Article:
A Charming Clutch of Cozies

Cozy fans sometimes accuse us of not paying quite enough attention to their favorite mystery subgenre. I plead guilty but with extenuating circumstances. It’s true that Bill Ott and I prefer our crime fiction straight, no chaser—I guess the cozy equivalent would be saying “no thank you” to a spot of cream—but we do our best to cover charming tales of detection, too. Bear in mind that many cozies are published as mass-market paperbacks, not the favorite format of acquisitions librarians, and that some of these publishers don’t even submit to us for review. But as I look back at the previous year’s crime-fiction reviews, from May 15, 2011 to May 1, 2012, I find ample evidence that our reviewers have a keen eye for cozies.

A Bedlam of Bones, by Suzette A. Hill

“This series effectively combines the ambience of the English village cozy with the high jinks of talking (and sleuthing) animals . . . An excellent choice for both Agatha Christie loyalists and fans of Lilian Jackson Braun and Rita Mae Brown.” —Barbara Bibel

A Charitable Body, by Robert Barnard

“Barnard is at his cozy best in this deftly executed murder-near-the-manor whodunit . . . an old-fashioned mystery sure to appeal to fans of traditional crime novels plotted in the grand style of Agatha Christie.” —Margaret Flanagan

As the Pig Turns, by M. C. Beaton

While there is nothing cozy about Agatha herself, with her meddling ways, acid tongue, and bad choices in men, Beaton proves again her mastery of the genre by weaving in gripping plots among the idiosyncrasies of British small-town life. The series stays fresh and fun even in this twenty-second entry (so does Beaton’s other series, starring Scottish village copper Hamish MacBeth). —Amy Alessio

Blotto, Twinks, and the Dead Dowager Duchess, by Simon Brett

“As in his other novels, Brett is a devastating social critic (he nicely skewers his upper-class characters’ blithe acceptance of the suffering of the lower classes) and master of devastating physical characterization. This is the kind of book you’ll have to put down, frequently, as you roar with laughter.” —Connie Fletcher

Bones under the Beach Hut, by Simon Brett

“Brett’s Fethering mysteries conceal incisive send-ups of social climbing under the guise of the traditional cozy. . . As always, Brett delivers a cozy that is both suspenseful and laugh-out-loud funny.” —Connie Fletcher

Dandy Gilver and the Proper Treatment of Bloodstains, by Catriona McPherson

“The upstairs-downstairs milieu of 1926 Scotland provides a delightful backdrop for this entertaining cozy, and Dandy, in her fifth outing (after The Winter Ground, 2009), is as canny and captivating as ever.” —Michele Leber

The Devil’s Puzzle, by Clare O’Donohue

“Quilting details, a sharp picture of small-town life, likable characters, and two appealing romantic relationships add to the enjoyment of this mainstream cozy mystery.” —Sue O’Brien

Gone West, by Carola Dunn

“Dunn has once again written a charming cozy featuring an intelligent, strong woman. A treat for Daisy’s fans as well as those who enjoy Jacqueline Winspear’s Maisie Dobbs.” —Barbara Bibel

Grace Interrupted, by Julie Hyzy

“Minor characters and the charming setting add strong support to this engrossing read. The excellent pacing and writing will also be recognizable to fans of Hyzy’s White House Chef series.” —Amy Alessio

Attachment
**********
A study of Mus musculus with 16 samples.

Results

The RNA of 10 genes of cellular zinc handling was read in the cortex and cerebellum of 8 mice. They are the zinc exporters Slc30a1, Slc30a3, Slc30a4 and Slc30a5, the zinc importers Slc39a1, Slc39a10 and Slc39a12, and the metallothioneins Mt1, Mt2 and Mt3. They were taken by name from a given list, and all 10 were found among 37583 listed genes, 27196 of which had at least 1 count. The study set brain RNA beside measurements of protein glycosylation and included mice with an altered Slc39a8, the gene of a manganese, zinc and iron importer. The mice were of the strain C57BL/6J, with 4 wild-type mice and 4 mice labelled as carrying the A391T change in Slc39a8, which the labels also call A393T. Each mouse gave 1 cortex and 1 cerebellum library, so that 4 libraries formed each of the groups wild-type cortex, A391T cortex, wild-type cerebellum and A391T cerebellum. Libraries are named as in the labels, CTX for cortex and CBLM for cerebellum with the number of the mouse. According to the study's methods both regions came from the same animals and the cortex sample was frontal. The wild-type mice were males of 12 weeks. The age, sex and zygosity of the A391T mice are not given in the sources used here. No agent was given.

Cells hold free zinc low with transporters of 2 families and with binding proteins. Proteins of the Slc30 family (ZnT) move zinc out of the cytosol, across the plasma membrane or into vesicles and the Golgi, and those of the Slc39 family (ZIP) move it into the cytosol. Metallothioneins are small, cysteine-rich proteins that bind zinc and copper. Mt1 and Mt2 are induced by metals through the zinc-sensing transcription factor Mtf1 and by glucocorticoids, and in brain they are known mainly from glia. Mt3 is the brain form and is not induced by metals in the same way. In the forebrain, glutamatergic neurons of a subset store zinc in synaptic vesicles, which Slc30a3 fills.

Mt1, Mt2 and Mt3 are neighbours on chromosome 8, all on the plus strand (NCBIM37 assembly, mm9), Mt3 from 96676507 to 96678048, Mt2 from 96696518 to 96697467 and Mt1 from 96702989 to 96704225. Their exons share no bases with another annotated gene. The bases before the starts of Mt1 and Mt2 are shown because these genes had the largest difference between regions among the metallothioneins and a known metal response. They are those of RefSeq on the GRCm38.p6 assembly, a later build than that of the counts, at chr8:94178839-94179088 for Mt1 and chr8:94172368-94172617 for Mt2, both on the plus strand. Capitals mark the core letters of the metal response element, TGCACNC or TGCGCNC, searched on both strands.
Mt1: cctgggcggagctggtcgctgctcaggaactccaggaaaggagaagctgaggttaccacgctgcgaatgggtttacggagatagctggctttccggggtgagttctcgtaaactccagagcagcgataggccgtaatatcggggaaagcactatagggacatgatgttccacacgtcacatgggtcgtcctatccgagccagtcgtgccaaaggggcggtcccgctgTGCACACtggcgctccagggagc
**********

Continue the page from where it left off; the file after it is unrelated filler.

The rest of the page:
Granddad, There’s a Head on the Beach, by Colin Cotterill

“The fast-paced plot finishes with a particularly tense climax (broadcast live online!), as Cotterill masterfully blends real-world issues (the terrrible condition endured by Burmese refugees in Thailand) with appealing cozy elements and his trademark humor. Series readers will be thrilled with this installment and anxious for the next one. Must reading.” —Jessica Moyer

The Herring in the Library, by L. C. Tyler

“Biting social satire and loads of fun detective work.” —Connie Fletcher

Jane and the Canterbury Tale, by Stephanie Barron

“Barron channels Jane Austen beautifully in this charming series. . . Austen fans, cozy lovers, and historical-mystery readers will all enjoy this delightful story.” —Barbara Bibel

The Limpopo Academy of Private Detection, by Alexander McCall Smith

“Part of the brilliance of this series (now in its thirteenth entry) is that what may seem like tiny cases expand into considerations of virtue, love, ambition, greed, and evil. And these meditations on life come as naturally as Precious looking up into the blue Botswana sky. . . McCall Smith’s novels are both very meditative and laugh-out-loud funny. If you’ve never read a “No. 1 Ladies’,” now’s the time.” —Connie Fletcher

Mystery in Prior’s Ford, by Evelyn Hood

“Fans of M. C. Beaton and Rhys Bowen will adore Hood’s Prior’s Ford series.” —Pat Henshaw

Swift Edge, by Laura DiSilverio

“Charlie and Gigi are both wonderful characters, flawed but appealing. This well-crafted, zany mystery will appeal, especially, to fans of Janet Evanovich, Laura Levine, and Lisa Lutz, whose work displays the same kind of humor.” — Amy Alessio

Wicked Autumn, by G. M. Malliet

“Malliet has mastered the delights of the cozy mystery so completely that she seems to be channeling Agatha Christie, albeit with a hero who adds sex appeal to the mix. She also includes snippets of ironic humor that contribute a little spice to the village charm, making the story even more delicious. Religion, espionage, tea, and crumpets: a winning menu.” —Ilene Cooper




About the Author:

Keir Graff is Executive Editor of Booklist Publications and the author of five books. His most recent is the middle-grade novel, The Other Felix (2011). Follow him on Twitter at @Booklist_Keir.